Rand Paul

WVXU politics reporter Howard Wilkinson spoke with news director Maryanne Zeleznik Monday morning about Kentucky's Rand Paul and Ohio's John Kasich - specifically, what the polling in the early caucus and primary states of Iowa and New Hampshire have to say about them.

WVXU politics reporter Howard Wilkinson talked this morning with news director Maryanne Zeleznik about Hillary Clinton making her candidacy official on Sunday; and how Rand Paul is trying to recover from a bumpy start to his campaign.

Kentucky’s junior senator, Rand Paul, has been off and running (officially) for the Republican presidential nomination for nearly a week now.

He has, in fact, been running for several years, but he made it official last week with his “Stand with Rand” tour through early primary and caucus states – Iowa, New Hampshire, South Carolina, Nevada.

WVXU politics reporter Howard Wilkinson talked this morning with Jay Hanselman about the possibility that both Ohio and Kentucky will have contenders for the GOP presidential nomination - Ohio Gov. John Kasich and Kentucky's Sen. Rand Paul.

Ohio is a quadrennial battleground in presidential elections; and Kentucky – well, Kentucky is not, but they do love their politics in the Commonwealth. Though not as much as they love their basketball.

But the two states separated by the muddy river may both do something they don’t do very often, at least not in the past century: produce bona fide presidential candidates.

They are, of course, the junior U.S. senator from Bowling Green, Ky., Rand Paul; and the native Pennsylvanian-turned-Buckeye who was re-elected governor last fall in a cakewalk, John Kasich.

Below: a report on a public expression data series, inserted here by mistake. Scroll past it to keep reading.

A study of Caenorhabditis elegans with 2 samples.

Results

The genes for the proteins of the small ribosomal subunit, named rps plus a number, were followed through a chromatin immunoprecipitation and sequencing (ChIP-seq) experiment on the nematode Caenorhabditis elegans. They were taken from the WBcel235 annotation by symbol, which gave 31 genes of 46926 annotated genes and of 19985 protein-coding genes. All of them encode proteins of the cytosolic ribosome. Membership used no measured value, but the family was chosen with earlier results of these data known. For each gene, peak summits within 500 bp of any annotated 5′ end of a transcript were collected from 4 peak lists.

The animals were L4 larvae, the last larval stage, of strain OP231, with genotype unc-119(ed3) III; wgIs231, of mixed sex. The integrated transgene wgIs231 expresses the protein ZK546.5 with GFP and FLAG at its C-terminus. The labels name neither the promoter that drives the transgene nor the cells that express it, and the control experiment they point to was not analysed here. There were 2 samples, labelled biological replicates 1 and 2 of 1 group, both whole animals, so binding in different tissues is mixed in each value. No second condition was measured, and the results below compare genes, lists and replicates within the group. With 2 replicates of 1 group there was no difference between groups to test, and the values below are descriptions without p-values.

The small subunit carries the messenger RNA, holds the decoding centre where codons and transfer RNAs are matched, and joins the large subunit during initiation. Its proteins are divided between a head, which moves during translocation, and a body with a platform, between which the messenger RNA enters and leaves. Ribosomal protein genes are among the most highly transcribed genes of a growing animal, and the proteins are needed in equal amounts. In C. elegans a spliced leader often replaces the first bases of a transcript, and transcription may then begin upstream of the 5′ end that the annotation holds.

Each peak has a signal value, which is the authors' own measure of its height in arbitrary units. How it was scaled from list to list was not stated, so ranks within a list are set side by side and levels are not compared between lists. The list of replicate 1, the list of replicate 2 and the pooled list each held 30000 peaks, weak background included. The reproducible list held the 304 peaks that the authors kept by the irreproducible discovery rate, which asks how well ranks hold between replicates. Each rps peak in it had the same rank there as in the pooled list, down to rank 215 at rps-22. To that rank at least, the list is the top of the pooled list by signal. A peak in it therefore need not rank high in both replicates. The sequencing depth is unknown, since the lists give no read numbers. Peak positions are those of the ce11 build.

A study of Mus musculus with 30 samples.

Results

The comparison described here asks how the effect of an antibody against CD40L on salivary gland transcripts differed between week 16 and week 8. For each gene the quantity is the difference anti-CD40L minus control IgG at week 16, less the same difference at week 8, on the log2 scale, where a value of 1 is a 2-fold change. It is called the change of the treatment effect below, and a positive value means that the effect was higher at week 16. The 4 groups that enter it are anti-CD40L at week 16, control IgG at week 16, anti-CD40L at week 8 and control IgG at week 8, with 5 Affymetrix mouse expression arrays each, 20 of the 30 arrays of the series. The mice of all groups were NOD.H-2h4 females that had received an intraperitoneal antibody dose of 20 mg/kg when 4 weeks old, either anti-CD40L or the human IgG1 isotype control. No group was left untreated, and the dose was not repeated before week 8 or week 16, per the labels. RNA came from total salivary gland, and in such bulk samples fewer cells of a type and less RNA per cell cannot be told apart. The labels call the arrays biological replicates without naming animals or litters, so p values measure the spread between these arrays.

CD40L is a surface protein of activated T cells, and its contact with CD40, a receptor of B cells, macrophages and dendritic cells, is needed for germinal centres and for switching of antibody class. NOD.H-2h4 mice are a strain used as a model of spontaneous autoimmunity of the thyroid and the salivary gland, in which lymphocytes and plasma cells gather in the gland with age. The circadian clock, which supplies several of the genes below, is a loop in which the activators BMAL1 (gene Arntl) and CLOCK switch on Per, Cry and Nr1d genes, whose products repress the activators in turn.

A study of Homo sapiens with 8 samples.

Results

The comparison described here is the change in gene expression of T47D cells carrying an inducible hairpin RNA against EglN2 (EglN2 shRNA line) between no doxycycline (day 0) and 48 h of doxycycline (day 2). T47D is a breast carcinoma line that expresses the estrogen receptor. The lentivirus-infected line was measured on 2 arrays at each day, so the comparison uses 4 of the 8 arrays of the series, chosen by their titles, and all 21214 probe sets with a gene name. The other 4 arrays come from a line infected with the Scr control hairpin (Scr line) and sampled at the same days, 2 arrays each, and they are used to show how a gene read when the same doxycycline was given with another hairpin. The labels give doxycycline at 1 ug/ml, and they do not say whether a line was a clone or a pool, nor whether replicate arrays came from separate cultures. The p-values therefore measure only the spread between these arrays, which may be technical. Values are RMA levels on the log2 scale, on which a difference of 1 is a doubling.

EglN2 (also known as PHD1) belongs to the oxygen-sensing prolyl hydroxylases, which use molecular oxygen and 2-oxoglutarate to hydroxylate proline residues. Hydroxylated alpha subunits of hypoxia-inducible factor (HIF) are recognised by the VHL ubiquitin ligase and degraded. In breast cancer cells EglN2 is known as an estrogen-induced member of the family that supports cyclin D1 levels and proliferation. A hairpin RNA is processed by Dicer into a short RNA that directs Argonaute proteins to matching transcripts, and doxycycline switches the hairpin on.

WVXU politics reporter Howard Wilkinson talked with news director Maryanne Zeleznik this morning about the boost Rand Paul's presidential ambitions have gotten lately; and how House Speaker John Boehner failed to rally his caucus around a three-week spending plan for the Homeland Security Department.

Michael E. Keating

WVXU politics reporter Howard Wilkinson talked with Maryanne Zeleznik this morning about the two possible GOP presidential contenders from the Tristate - Kentucky's Rand Paul and Ohio's John Kasich. Last week was not a particularly good week for either of them.

So, how about the Tristate’s two potential Republican presidential candidates, U.S. Sen. Rand Paul of Kentucky and Ohio governor John Kasich? What kind of week did -they have, you ask?

Well, not so great. At least as it relates to whatever presidential ambitions they have.

Kasich was the victim of polls in key states that show pretty clearly that, as a potential candidate, he ranks at or near the bottom of the list among GOP voters in some important battleground states; and doesn’t exactly set the world on fire among Ohio Republican voters either.

There’s one thing you can say for certain about the small-government, libertarian-leaning junior senator from Kentucky, Rand Paul, who (presumably) would like to be the next president of the United States.

He doesn’t shy away from a tough crowd.

Paul did it last year when he made a speech before a somewhat less than receptive crowd at Howard University, the historically black college in Washington, D.C.

U.S. Senate office

Rand Paul, Kentucky’s junior senator and a likely contender for the 2016 GOP presidential nomination, pitched his ideas of economic and personal freedom to a polite but small crowd this morning at the National Urban League Conference.

Paul’s early morning speech, which lasted about 17 minutes, was seen as part of his continuing effort to reach out to minority voters, particularly African-Americans, in order to broaden the GOP voter base.